University Lowbrow Astronomers

Constellation of the Month: Hydra, Corvus & Crater; The Water Serpent, The Crow & The Cup.

by Mark S Deprest
Printed in Reflections: May, 2001.

The Constellations of Hydra, Corvus and Crater

These three constellations are linked in mythology and are sometimes portrayed as link in the sky.  So, we will look at them together.  The story of these three is a delightful one that involves Apollo and his wrath and sense of humor.  At one time Corvus, the Crow had beautiful silver-white plumage and a lovely singing voice, but he lost both of these as a result of not carrying out Apollo’s orders.  It seems that Apollo sent Corvus to fetch a cup (Crater) of water.  Corvus set out immediately to complete this task, but along his way he noticed a fig tree, laden with juicy figs.  However, these figs were not quite ripe.  Corvus could not pass these lovely, juicy figs by and leave them for someone else to devour, so he decided to wait until they ripened.  When the figs had finally ripened, he enjoyed his tasty but final meal.  When Corvus had eaten all of the figs he suddenly remembered his task of fetching water for Apollo.  Corvus quickly filled the Cup (Crater) and raced back to Apollo, offering a rather lame excuse that the Water Serpent (Hydra) had hindered his efforts to scoop up the water.  Apollo was young but not that gullible, so Apollo punished Corvus.  For his selfishness, Apollo changed the beautiful silver-white plumage of Corvus to dirty black.  For lying to Apollo, Corvus’ lovely song was changed into a raucous screeching caw.  The worst punishment by far was that Apollo placed Corvus and the Cup (Crater) in the sky on the back of the Water-Serpent (Hydra).  Hydra was instructed to make sure that Corvus never came within reach of the Cup (Crater) to quench his thirst.  This Hydra is not the same multi-headed beast that Hercules fought in his second labor, as this Hydra is always pictured with only one head.

Transit at Midnight of Alpha Hydra:  February 15th
Transit at Midnight of Alpha Crater:  March 13th
Transit at Midnight of Alpha Corvus:  March 30th

The constellations are situated rather low in the sky, (from our point of view in the northern hemisphere) as only the head of Hydra rises north 0 degrees Declination.  The constellations Crater and Corvus are completed south of -6 degrees 30 minutes Declination and -11 degrees 30 minutes respectively.  Hydra, the largest constellation, stretches across the sky from 8 hours 11.5 minutes at its western border to 15 hours 2.5 minutes at its eastern edge, and from north 6 degrees 39 minutes declination to south 35 degrees 39.5 minutes declination.  Crater and Corvus are rather small in comparison, occupying about 1 hour of R. A. each and only 20 degrees and 15 degrees of Dec. respectively.  The main stars of these three constellations are not very bright, with the exception of Alpha Hydrae; Alphard, a 1.9 magnitude giant star about 25 times the size of our sun and about 370 times the luminosity.  The rest of the main stars are 3rd, 4th, and 5th magnitude and because these constellations ride the southern horizon can be difficult to see if you live in the northern hemisphere.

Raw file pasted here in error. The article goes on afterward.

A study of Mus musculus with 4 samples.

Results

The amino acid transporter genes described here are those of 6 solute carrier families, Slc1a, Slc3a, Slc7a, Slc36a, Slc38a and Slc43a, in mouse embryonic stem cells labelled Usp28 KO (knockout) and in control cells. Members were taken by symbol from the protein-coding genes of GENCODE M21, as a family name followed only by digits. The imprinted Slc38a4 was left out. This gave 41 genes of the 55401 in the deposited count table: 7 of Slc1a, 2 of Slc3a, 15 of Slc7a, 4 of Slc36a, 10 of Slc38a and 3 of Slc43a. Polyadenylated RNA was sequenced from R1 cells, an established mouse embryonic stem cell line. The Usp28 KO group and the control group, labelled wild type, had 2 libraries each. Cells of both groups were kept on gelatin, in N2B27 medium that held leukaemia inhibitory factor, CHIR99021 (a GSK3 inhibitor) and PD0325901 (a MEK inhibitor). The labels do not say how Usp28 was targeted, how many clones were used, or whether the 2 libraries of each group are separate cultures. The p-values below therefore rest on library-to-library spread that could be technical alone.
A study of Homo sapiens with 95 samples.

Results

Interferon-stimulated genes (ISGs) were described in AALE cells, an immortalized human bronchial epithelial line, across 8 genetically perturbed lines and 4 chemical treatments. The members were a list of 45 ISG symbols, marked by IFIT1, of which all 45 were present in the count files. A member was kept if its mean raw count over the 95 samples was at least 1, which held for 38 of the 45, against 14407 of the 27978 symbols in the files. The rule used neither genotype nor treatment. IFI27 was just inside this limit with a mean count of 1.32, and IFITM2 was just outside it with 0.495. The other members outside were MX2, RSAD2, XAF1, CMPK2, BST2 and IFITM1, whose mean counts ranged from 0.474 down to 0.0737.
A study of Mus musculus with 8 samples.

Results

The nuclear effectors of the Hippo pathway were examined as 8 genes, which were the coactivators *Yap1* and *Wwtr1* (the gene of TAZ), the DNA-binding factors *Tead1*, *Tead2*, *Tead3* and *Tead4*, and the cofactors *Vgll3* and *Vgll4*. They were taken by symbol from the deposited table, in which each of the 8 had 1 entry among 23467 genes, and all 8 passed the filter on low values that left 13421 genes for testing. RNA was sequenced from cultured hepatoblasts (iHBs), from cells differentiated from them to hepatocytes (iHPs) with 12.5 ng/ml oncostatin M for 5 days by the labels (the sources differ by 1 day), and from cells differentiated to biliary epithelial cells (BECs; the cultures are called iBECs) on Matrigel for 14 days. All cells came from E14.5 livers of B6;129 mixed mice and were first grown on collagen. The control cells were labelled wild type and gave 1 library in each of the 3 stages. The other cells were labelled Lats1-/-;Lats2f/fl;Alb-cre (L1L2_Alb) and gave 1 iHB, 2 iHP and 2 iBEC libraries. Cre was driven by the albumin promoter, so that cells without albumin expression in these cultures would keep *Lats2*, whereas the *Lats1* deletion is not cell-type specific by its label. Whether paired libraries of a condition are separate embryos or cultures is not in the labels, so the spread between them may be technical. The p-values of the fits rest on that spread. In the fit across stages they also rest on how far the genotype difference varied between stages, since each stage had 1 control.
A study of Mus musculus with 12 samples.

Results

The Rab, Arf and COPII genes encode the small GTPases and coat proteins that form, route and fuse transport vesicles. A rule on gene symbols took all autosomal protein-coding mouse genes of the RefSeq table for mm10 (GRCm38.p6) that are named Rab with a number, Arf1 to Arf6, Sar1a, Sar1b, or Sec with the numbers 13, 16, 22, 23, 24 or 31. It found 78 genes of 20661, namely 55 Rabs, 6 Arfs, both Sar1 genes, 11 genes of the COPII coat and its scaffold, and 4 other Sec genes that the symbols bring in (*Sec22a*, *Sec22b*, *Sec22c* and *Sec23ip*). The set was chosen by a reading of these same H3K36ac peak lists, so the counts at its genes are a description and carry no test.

Things to Check Out in Hydra, Crater and Corvus:

Multiple Star Systems

Beta Hydrae; HJ4478

Epsilon Hydrae; STF1273; ADS 6993

N Hydrae; H96, HD100286; ADS 8202

STF1474AB; STF1474AC

Gamma Crateris; HJ 840

Iota Crateris; KUI 58

Delta Corvi; Algorab; SHJ145; ADS 8572

STF1669 Corvi; VV Corvi; ADS 8627

Burnham 28 Corvi; HD108799; ADS 8573

Zeta Corvi; BU 1245

Deep Sky Objects

M 48; NGC 2548; OCL 584 Open cluster

M48

M 68; NGC 4590; GCL 20; ESO 506-SC30; Globular cluster

M68

M 83; NGC 5236; MCG -5-32-50; Spiral Galaxy

M83

NGC 5694; Caldwell 66; Globular Cluster

NGC 4361; PK67:  294+43; Planetary Nebula

NGC 4038 & NGC 4039; Caldwell 60 & Caldwell 61; Ringtail Galaxy

NGC 4038, NGC 4039

NGC 3242; Caldwell 59; PK67:  261+32 1; Ghost of Jupiter; Planetary Nebula

NGC 3242

Credits

All Images on this page were downloaded from the Sloan Digital Sky Survey.

Links

Copyright Info

Copyright © 2013, the University Lowbrow Astronomers. (The University Lowbrow Astronomers are an amateur astronomy club based in Ann Arbor, Michigan).
This page originally appeared in Reflections of the University Lowbrow Astronomers (the club newsletter).
This page revised Sunday, March 9, 2014 4:30 PM.
This web server is provided by the University of Michigan; the University of Michigan does not permit profit making activity on this web server.
Do you have comments about this page or want more information about the club? Contact Us.